1 KINGS 2:9

KING JAMES VERSION (KJV)

TRANSLATION, MEANING, CONTEXT

To get what 1 Kings 2:9 means based on its source text, scroll down or follow these links for the original scriptural meaning , biblical context and relative popularity.

“Now therefore hold him not guiltless: for thou art a wise man, and knowest what thou oughtest to do unto him; but his hoar head bring thou down to the grave with blood.”


What does this verse really mean? Use this table to get a word-for-word translation of the original Hebrew Scripture. This shows the English words related to the source biblical texts along with brief definitions. Follow the buttons in the right-hand column for detailed definitions and verses that use the same root words. Use this reference information to gain deeper insight into the Bible and enrich your understanding. Information based on Strong's Exhaustive Concordance[1].

KJV Verse Original Hebrew Meaning/ Definition
This is a simplified translation of the original Hebrew word. Follow the buttons on the right to get more detail.
therefore hold him not guiltless: תְּנַקֵּ֔הוּ To be (or make) clean (literally or figuratively); by implication (in an adverse sense) to be bare, i.e., extirpated therefore hold not guiltless
for כִּ֛י (by implication) very widely used as a relative conjunction or adverb (as below); often largely modified by other particles annexed for
thou אָ֑תָּה Thou and thee, or (plural) ye and you thou
art (No Hebrew definition. English implied.)
a wise חָכָ֖ם Wise, (i.e., intelligent, skilful or artful) wise
man, אִ֥ישׁ A man as an individual or a male person; often used as an adjunct to a more definite term (and in such cases frequently not expressed in translation) man
and knowest וְיָֽדַעְתָּ֙ To know (properly, to ascertain by seeing); used in a great variety of senses, figuratively, literally, euphemistically and inferentially (including observation, care, recognition; and causatively, instruction, designation, punishment, etc.) knowest
what אֲשֶׁ֣ר Who, which, what, that; also (as an adverb and a conjunction) when, where, how, because, in order that, etc what
thou oughtest to do תַּֽעֲשֶׂה To do or make, in the broadest sense and widest application oughtest do
unto him; but his אֶת Properly, self (but generally used to point out more definitely the object of a verb or preposition, even or namely) unto him but his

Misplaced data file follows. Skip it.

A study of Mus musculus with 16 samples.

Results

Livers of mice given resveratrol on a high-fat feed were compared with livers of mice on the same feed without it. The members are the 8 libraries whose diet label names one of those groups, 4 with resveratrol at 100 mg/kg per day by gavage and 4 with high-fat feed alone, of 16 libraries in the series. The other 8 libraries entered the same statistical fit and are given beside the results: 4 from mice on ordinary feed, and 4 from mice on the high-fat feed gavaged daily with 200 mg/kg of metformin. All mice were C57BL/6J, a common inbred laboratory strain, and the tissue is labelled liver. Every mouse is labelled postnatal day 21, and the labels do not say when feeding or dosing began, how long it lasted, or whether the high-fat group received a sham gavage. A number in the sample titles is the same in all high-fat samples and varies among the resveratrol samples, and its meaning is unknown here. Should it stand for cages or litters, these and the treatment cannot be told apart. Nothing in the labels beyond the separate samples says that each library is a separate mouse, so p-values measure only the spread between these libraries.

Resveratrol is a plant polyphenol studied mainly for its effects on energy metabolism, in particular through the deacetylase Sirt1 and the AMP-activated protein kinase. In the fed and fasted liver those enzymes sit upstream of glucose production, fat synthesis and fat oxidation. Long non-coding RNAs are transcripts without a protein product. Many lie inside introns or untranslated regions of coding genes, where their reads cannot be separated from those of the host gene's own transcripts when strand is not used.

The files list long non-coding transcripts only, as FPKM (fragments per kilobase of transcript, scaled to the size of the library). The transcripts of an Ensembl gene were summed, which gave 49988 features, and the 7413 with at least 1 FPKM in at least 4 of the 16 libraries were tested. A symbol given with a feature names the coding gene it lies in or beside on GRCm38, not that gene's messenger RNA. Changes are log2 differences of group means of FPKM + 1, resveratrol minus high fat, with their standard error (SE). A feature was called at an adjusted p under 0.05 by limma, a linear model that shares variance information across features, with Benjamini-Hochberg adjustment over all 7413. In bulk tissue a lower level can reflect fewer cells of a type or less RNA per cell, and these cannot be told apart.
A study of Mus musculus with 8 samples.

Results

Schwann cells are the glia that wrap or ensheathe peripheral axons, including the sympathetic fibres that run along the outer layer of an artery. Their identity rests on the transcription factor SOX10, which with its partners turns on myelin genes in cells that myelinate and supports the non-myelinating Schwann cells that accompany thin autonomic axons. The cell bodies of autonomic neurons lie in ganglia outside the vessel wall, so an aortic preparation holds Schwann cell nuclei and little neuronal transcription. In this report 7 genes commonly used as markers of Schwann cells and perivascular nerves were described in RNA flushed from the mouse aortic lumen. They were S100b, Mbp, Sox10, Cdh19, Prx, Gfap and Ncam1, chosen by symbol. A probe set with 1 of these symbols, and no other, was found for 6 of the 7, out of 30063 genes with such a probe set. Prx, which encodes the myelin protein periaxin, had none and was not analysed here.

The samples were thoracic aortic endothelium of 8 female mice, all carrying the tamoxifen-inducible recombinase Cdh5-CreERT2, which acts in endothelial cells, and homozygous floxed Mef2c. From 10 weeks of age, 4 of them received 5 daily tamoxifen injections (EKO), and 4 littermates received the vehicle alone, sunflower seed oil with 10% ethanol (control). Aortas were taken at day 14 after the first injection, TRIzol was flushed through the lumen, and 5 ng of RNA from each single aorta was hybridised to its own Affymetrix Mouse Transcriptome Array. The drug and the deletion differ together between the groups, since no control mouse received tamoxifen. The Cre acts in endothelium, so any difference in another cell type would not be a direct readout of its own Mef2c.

hoar head שֵֽׂיבָת֛וֹ Old age hoar head
bring thou down וְהֽוֹרַדְתָּ֧ To descend (literally, to go downwards; or conventionally to a lower region, as the shore, a boundary, the enemy, etc.; or figuratively, to fall); causatively, to bring down (in all the above applications) bring down
to the grave שְׁאֽוֹל׃ Hades or the world of the dead (as if a subterranean retreat), including its accessories and inmates grave
with blood. בְּדָ֖ם Blood (as that which when shed causes death) of man or an animal; by analogy, the juice of the grape; figuratively (especially in the plural) bloodshed (i.e., drops of blood) blood

Verse Context


  • 8  And, behold, thou hast with thee Shimei the son of Gera, a Benjamite of Bahurim, which cursed me with a grievous curse in the day when I went to Mahanaim: but he came down to meet me at Jordan, and I sware to him by the Lord, saying, I will not put thee to death with the sword.

  • 9  Now therefore hold him not guiltless: for thou art a wise man, and knowest what thou oughtest to do unto him; but his hoar head bring thou down to the grave with blood.

  • 10  So David slept with his fathers, and was buried in the city of David.

  • 11  And the days that David reigned over Israel were forty years: seven years reigned he in Hebron, and thirty and three years reigned he in Jerusalem.




Sources:

The King James Bible (1611) and Strong's Concordance (1890) with Hebrew and Greek dictionaries are sourced from the BibleForgeDB database (https://github.com/bibleforge) within the BibleForge project (http://bibleforge.com). Popularity rankings are based on search volume data from the Google AdWords Keyword Planner tool.